The winter sport for petrol-heads.
I’ll be honest with you, I’ve never driven a Snowmobile before. However, through playing Ski-Doo Snowmobile Challenge, which is being distributed in the UK by PQube, I have learnt a few things about racing with these machines. Firstly, leaning forward on a Snowmobile puts extra weight on the steering, which allows for tighter turns, whilst leaning back will give the rider more speed and power. Secondly, and perhaps most importantly, driving one of these vehicles into a bright orange safety fence, y’know – the sort that are supposed to prevent harm, will result in an impressive crash which usually ends with a ball of flame. I now have a great deal of respect for people who race these things professionally.
From what I can work out, Ski-Doo Snowmobile Challenge, which was developed by Coldwood Interactive, has been out in North America for a good couple of years. It perhaps says something about how popular this snow-based motorsport is in the UK, that it has taken so long to make it’s way into our stores. Still, better late than never, the game is now available at a bargain price on PS3, in a country which grinds to a halt at the slightest sprinkling of snow.
But what does this arcade racer have to offer the UK gamer? Well, as you would expect, there is a selection of winding, snow-covered tracks upon which to race your chosen Snowmobile in what is a strange combination of rally driving and snowboarding. The rally driving component comes from the way that the Snowmobiles handle, which will be picked up fairly quickly by anyone who has played a driving game before. The leaning forward for tighter turns and backwards for extra power take a fair bit of getting used to, and are essential if the player actually wants to win any of the races. Many of the courses have sharp corners where it is far too easy to either lose too much speed, or overshoot and explode.
The snowboarding mechanic comes from the fact that the player can perform tricks whilst in the air, scoring points which become your objective on certain courses. Pulling off tricks is fairly easy, with the player being able to hold the tricks for as long as they dare to score higher, but losing points for repetition within the same round. The tricks are also handy in the basic race as they fill the adrenaline meter which, once filled, gives the player a frightening burst of speed that will leave all others in a cloud of snow. Deciding when to use this boost can be a bit tricky due to the winding nature of the circuits and a badly timed boost can result in one of the frequently experienced ball of flame crashes.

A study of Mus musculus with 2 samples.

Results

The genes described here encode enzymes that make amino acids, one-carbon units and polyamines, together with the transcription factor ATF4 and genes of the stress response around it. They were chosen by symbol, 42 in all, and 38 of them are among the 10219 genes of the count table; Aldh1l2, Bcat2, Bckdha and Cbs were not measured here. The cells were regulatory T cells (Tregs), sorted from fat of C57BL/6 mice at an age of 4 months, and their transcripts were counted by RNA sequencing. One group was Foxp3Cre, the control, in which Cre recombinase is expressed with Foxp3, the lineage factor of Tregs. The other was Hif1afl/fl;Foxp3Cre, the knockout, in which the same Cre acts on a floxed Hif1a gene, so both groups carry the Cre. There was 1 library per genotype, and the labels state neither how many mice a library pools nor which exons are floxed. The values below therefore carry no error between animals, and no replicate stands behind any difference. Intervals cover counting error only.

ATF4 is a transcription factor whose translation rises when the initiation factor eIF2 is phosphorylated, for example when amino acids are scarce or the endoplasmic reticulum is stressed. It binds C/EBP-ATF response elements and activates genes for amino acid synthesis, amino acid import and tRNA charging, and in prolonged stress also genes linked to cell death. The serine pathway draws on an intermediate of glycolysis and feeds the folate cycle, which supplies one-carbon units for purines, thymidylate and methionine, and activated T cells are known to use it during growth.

Another way of earning adrenaline is through aggressive racing, knocking other players and trying to push them off-course. Whilst this is highly entertaining, the AI opponents in single player are not exactly a push over and attempting to bump other racers will often result in the player bouncing off and ending up losing any advantage that they had. One bodged move and they are at the back of the pack again.
Which is something that anyone picking this game up should get used to, at least in the early races. There is not a lot by way of explanation when it comes to controlling your snowmobile, and getting used to the leaning forward or backward mechanic can take a while to master, so players will likely spend their first few races wondering where they are going wrong. However, once techniques have been mastered, the standard races don’t really hold too much of a challenge.
The game has the standard single races, local split-screen for players who like that sort of thing, and 12 players online. The core of the game however, is the career. It is here that the player will work from one course to the next, unlocking new snowmobiles as they go. They will also earn cash which can be used to both upgrade and customize the snowmobiles, keeping the more creative players happy.
The game itself looks very nice, although some of the rider animations when crashing seem a bit wooden (although this could be because I spent so much time crashing…). This was actually quite surprising considering how long ago the game was actually made. It doesn’t hold a candle to more modern games, such as SSX, but there really wasn’t anything to complain about.
Ski-Doo Snowmobile Challenge has 25 circuits to enjoy and 20 different snowmobiles to race. This may not seem like a lot, but for a budget-priced game on the PS3, it was quite impressive. This bargain price would make the game appeal to youngsters and the more casual gamer, but unfortunately the high learning curve and niche appeal of snowmobile racing leaves the game aiming more for the core gamer. This confusion concerning the target audience will likely harm sales.
If you are in the mood for some snowmobile racing, enjoy a challenge and don’t mind going up in a ball of flame, then Ski-Doo Snowmobile Challenge with it’s very attractive price, should be your first port of call. However, casual gamers that are tempted by the thrill and the snow would be better served elsewhere.